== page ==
I've been writing some custom shaders based around Unity's Standard BRDF, which is uses GGX distribution term and Smith visibility term. It looks great at either end of the smoothness scale (1 and 2 in the pic below). However, with the smoothness set to about 50%, things start to get a little ugly (3). Increasing the metalness makes it worse (4), and strongly coloured specular gets worse still, as different colour channels blow out at different rates(5).
This seems to be caused by specular term returning >1 around the highlights, probably caused by Unity's hack of multiplying specular by pi (instead of dividing diffuse) as shown in the code snippet below.
// Specular term // HACK: theoretically we should divide diffuseTerm by Pi and not multiply specularTerm! // BUT 1) that will make shader look significantly darker than Legacy ones // and 2) on engine side "Non-important" lights have to be divided by Pi too in cases when they are injected into ambient SH half roughness = PerceptualRoughnessToRoughness(perceptualRoughness); half V = SmithJointGGXVisibilityTerm (nl, nv, roughness); half D = GGXTerm (nh, roughness); half specularTerm = V*D * UNITY_PI; // Torrance-Sparrow model, Fresnel is applied later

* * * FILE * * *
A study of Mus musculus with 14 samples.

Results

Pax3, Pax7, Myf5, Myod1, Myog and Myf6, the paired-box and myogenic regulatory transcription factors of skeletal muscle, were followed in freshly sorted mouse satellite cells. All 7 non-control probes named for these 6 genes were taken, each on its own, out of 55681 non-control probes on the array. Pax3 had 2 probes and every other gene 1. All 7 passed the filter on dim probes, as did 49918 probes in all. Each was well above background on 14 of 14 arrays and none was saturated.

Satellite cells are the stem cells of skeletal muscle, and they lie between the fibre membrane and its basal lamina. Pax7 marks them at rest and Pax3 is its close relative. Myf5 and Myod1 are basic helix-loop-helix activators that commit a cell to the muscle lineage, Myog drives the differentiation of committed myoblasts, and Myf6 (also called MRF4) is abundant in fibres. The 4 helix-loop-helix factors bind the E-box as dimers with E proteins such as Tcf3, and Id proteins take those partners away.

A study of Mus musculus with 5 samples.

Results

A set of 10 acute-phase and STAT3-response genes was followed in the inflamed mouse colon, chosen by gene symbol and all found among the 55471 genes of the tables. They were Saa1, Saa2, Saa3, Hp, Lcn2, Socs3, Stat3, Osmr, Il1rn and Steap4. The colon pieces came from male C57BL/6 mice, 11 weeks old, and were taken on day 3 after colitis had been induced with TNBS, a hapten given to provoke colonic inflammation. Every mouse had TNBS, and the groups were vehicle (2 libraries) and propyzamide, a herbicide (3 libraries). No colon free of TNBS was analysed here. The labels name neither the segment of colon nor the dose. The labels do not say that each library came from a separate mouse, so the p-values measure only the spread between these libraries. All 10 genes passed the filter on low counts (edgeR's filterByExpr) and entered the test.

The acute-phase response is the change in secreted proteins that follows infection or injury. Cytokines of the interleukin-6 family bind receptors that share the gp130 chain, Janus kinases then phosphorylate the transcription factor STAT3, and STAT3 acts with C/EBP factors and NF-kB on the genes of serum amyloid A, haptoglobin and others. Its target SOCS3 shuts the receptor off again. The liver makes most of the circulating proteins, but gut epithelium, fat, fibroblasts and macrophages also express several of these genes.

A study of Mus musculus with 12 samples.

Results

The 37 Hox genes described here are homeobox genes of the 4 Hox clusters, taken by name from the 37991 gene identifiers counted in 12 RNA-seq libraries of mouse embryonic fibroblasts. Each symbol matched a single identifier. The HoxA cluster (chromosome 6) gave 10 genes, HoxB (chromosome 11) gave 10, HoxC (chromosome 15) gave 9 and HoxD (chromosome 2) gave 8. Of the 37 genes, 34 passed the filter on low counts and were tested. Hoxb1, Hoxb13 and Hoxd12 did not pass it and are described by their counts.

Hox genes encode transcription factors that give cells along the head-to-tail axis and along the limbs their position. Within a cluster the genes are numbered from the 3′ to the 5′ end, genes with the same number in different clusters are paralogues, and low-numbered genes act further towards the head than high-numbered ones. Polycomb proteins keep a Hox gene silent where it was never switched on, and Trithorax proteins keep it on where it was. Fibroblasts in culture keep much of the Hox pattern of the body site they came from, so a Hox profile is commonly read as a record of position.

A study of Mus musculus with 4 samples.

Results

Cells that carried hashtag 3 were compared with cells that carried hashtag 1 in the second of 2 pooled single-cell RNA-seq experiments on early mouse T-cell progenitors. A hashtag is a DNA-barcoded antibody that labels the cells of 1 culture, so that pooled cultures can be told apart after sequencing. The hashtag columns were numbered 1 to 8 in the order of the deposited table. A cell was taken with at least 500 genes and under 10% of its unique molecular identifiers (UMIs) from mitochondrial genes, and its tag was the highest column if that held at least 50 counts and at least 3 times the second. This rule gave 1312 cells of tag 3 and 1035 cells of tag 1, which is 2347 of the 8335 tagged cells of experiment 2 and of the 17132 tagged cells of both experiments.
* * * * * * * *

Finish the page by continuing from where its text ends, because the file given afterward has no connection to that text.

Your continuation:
HDR rendering helps a lot, but unfortunately our project is on mobile and using LDR. I'm making a car paint shader with a clear coat, so the base coat will likely be semi-rough and semi-metallic in a lot of cases which seems to be a worst-case-scenario for this BRDF. Can anyone suggest a way to get saner specular highlights? Either some kind of rolloff for out-of-range specular values, or a different BRDF altogether?